Monday, March 2, 2009

Disorderly Wilderness Thoughts

I've been thinking about the "wilderness" quite a bit this week since the lectionary for this past Sunday included Jesus' time in the wilderness (Mark 1:9-13). Mark's version of the story is quite spare -- a few lines only. In fact, the whole "temptations" part of the story is summed up in verse 13 --- " He was in the wilderness forty days, tempted by Satan; and he was with the wild beasts, and the angels waited on him." I love the spareness of Mark.

I am in the wilderness now, in several ways. I've been here before, I will be here again. I don't like being here, but I don't fear it quite as much as I used to. I know that eventually (as long as keep my wits about me!) I will emerge into familiar places, or "civilized" places, and that I will emerge a stronger, clearer self. It's the meanwhile that's difficult.

What is about wilderness? We like to think we enjoy wilderness. We want to vacation in it --- camping out in the woods, roughing it in the wild, photographing wildlife, retreating from the noise and clamor of our workaday lives. Yet we fear it too --- and we worry about getting lost, losing contact, what if there's an accident?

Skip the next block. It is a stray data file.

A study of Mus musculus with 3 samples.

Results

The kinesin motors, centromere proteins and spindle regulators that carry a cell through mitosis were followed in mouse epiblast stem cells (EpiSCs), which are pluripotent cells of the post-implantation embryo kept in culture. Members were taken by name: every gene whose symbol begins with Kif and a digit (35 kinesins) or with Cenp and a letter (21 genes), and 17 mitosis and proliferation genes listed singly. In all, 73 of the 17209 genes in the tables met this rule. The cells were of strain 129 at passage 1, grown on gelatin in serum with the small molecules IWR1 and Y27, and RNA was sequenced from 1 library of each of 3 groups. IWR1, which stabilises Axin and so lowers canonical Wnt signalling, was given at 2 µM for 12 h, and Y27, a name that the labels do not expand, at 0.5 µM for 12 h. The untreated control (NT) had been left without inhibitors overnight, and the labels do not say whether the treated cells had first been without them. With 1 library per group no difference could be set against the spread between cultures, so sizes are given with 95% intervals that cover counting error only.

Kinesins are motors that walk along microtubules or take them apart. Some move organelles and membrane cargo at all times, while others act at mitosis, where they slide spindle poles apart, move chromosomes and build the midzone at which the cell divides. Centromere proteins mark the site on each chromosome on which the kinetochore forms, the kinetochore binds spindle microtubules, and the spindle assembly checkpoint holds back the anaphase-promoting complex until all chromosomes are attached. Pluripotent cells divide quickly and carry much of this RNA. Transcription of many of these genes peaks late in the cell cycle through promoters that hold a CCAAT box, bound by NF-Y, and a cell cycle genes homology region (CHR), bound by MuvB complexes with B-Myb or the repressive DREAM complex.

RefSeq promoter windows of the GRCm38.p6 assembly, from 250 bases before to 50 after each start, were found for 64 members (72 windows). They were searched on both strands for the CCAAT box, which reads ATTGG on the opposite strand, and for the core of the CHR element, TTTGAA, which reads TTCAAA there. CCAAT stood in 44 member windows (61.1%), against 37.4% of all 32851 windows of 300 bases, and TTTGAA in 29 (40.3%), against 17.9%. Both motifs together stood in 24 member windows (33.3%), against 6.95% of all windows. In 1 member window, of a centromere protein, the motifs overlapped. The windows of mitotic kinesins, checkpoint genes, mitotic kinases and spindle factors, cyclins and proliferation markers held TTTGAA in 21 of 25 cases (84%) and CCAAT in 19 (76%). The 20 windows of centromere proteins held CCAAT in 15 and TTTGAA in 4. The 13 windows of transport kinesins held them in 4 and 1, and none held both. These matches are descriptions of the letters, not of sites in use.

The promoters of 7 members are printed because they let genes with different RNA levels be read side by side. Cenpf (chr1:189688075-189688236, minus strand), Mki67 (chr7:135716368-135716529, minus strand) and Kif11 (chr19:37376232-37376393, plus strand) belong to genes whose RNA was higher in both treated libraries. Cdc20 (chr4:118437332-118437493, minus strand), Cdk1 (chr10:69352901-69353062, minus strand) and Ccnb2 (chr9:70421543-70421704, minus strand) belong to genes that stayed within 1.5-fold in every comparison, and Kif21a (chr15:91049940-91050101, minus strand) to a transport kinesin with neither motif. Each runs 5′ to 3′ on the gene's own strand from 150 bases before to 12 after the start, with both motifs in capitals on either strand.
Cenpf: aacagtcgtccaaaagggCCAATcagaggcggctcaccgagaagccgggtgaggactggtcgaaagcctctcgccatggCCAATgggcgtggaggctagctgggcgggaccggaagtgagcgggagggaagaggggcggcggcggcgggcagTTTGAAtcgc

Being in the wilderness allows adventure and trailblazing -- trying new things. Nothing is set up and working, you have to build it yourself. Some things work, others don't. You learn a lot in the experimentation. You also learn what's important, and what's not. What you really need and what you only think you need. It can be lonely, devastatingly lonely. You find yourself talking to yourself. You discover what you don't like in yourself, and what you do like. On those rare occasions you meet another wilderness traveler, you may be given new insight.

Sometimes it helps when you are with others in the wilderness. There is strength in numbers, and you can support each other in your endeavors. Sometimes though your mutual fears can debilitate you and turn you down the wrong path in your fear.

The thing is, even when I am most lonely, most desperate, I remember I am not ALONE. God is present, and I sincerely feel, is guiding me. I don't know where I'm being guided, but I just have to remember that there is a map for me, a GPS for the spirit. I just have to use it.


Jennifer said...

A thoughtful refelction. Thanks for posting honest thoughts here, another connection in the wilderness.

Songbird said...

Amen! I hope you'll get to share some of your reflections with your church family. Are layfolk filling the pulpit at all during your transition?